Time finally ran out Wednesday for the Mystery House of Harding Way. A monstrous excavator clawed down the long-vacant eyesore, a two-story encyclopedia of construction errors and code violations left unfinished for 23 years.

Demolition took on aspects of a block party. Neighbors gathered as police cordoned off the block. City officials built themselves a shade tent with bottled water and donuts. Neighbor Ava Simpson brought a lawn chair and tea.

“It’s a warm day and this might take a while,” Simpson said, “and I wanted to work on my crossword puzzle.”

Around 10 a.m., an immense 23-ton Cat 318 rumbled off a lo-boy. A crew boss yelled “Good luck!” The roaring Cat gouged giant bites out of the north wall.

Kids whooped as timbers cracked and debris crumbled.

“What we’re going to do is tear the whole house down,” boss Marty Thorpe said. “Make it a big pile of rubble.”

All the fuss was over a one-story house at 745 W. Harding Way that became a two-story house through DIY labor, which city officials say was done wrong.

Construction ground to a halt for years at a time, infuriating neighbors. To top it off, the house fell into a rare legal limbo that confounded code officials for decades.

I’ll skip the legal details except one that illustrates the house’s uncanny mojo: during the lender bankruptcies of the foreclosure crisis, a mortgage company accidentally paid off the liens that code officials had slapped on the property, sparing the home from a tax sale.

The deceased owner’s son, Arturo Cortes, and wife Norma undertook to fix the place. But they never took ownership, so they weren’t legally responsible. Nobody was.

The Corteses sank love, money and family labor into the job. Not enough, neighbors said.

“I’ve lived here for 22 years and I have seen — at the most generous I can be — two months of work in 22 years,” neighbor Kerry Kruger said.

The family’s bad work left the house unsafe, said Pete Lemos, the city’s head code enforcer.

A concrete garage foundation was not laid level. Family carpenters tried to compensate by cutting lumber unevenly, leaving the garage cartoonishly off-plumb. The garage was demolished in February.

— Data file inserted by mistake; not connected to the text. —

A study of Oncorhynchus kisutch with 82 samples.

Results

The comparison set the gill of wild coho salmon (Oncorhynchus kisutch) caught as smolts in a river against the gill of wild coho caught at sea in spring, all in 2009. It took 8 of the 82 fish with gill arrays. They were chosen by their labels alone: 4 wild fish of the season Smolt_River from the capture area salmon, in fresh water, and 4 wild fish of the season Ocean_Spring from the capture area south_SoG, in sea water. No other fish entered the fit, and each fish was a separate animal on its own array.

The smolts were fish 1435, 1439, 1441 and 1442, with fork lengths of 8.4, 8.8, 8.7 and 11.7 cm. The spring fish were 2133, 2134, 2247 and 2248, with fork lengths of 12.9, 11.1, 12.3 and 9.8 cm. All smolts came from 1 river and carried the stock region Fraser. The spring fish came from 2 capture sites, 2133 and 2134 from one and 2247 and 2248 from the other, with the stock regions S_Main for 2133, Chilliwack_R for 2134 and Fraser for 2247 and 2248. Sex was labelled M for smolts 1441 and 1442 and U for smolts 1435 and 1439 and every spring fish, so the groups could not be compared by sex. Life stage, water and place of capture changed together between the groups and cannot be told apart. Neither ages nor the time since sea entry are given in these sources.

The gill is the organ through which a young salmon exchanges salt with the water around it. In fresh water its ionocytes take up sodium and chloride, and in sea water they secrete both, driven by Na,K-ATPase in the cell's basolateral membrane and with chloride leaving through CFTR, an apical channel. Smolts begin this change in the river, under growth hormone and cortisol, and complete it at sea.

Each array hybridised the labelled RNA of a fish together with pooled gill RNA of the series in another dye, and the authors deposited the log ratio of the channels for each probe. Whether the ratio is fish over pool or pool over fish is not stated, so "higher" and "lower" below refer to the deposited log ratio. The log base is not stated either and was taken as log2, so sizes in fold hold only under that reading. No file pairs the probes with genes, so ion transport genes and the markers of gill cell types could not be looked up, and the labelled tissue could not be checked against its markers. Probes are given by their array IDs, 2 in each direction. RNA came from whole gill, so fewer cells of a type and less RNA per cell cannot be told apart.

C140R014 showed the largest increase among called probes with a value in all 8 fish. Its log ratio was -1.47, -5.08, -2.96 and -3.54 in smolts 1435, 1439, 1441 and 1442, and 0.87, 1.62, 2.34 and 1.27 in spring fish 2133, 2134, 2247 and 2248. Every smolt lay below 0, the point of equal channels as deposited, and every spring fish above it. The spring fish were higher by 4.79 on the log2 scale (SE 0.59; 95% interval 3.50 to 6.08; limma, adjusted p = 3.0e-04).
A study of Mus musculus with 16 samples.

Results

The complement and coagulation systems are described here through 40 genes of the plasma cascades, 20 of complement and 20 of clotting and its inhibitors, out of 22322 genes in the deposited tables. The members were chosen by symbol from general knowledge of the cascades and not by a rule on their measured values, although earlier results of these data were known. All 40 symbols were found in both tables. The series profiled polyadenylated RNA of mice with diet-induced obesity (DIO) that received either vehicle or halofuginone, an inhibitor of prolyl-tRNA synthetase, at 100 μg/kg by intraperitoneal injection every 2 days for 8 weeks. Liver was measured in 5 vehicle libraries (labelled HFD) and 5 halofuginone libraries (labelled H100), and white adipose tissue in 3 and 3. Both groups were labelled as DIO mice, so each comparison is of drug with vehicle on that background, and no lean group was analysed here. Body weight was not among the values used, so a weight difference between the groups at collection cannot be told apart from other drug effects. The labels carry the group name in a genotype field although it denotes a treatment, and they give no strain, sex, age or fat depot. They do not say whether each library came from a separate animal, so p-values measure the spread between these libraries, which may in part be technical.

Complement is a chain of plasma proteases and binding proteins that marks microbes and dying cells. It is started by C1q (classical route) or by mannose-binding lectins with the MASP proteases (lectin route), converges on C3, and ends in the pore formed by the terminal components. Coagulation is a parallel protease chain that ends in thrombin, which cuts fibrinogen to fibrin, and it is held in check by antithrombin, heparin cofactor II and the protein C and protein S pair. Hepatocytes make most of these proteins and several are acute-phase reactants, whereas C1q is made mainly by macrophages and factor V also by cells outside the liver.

They also added a second story, but without removing the first floor roof, Lemos said. Nor did they add any load-bearing support for the new upper story, he said.

Sure enough, as the Cat exposed the house’s innards, the first-floor roof became visible halfway up the building, asphalt roofing paper and all.

The house’s long vacancy was a problem, too. Officials found burned lumber downstairs, and drug rigs. Squatters were cooking drugs in the place, Stockton Police spokesman Joe Silva said.

“Lucky it didn’t burn down,” he said.

Silva had more: “The structure is actually sinking.”

There’s more, a thick folder of code violations.

Norma Cortes said she got a permit and hired a contractor to fix everything, but the city summarily swung the wrecking ball.

“I had a contractor ready to go,” she said. “What can we say?”

Lemos countered that the city issued a permit but revoked it after five or six weeks of inaction.

The Corteses say they were working on the house all along. They would have gotten the job done if just given more time.

“I feel feel they were unfair,” Cortes said. “But it is what it is, OK?”

Neighbors were in full-on Good Riddance Mode.

“We are elated,” Burr Phillips said. “We’re glad it’s going away.”

“It’ll be nice to see it gone,” Michaelle Spetter said.

“I’m glad it’s coming down,” Denise Jefferson said. “It’s time. They snubbed their nose at the city for years.”

The sentiment was not unanimous, though.

“That’s a woman’s inheritance,” an indignant Steve Gallegos said. “The city, that’s like Gestapo tactics to me.”

Beginning today, trucks will haul off the rubble. The crew hopes to clear the lot by Monday.

The Cortes estate still owns the lot. Heirs could build a new house on it — though before they could obtain a loan they’d probably have to pay off the $7,000 lien for garage demolition and the $28,000 lien for house demolition.

The lot may remain vacant for years.

“To me, it does not matter,” Shirley Robins said. “As long as that house is gone.”

 

Contact columnist Michael Fitzgerald at (209) 546-8270 or michaelf@recordnet.com. Follow him at recordnet.com/fitzgeraldblog and on Twitter @Stocktonopolis.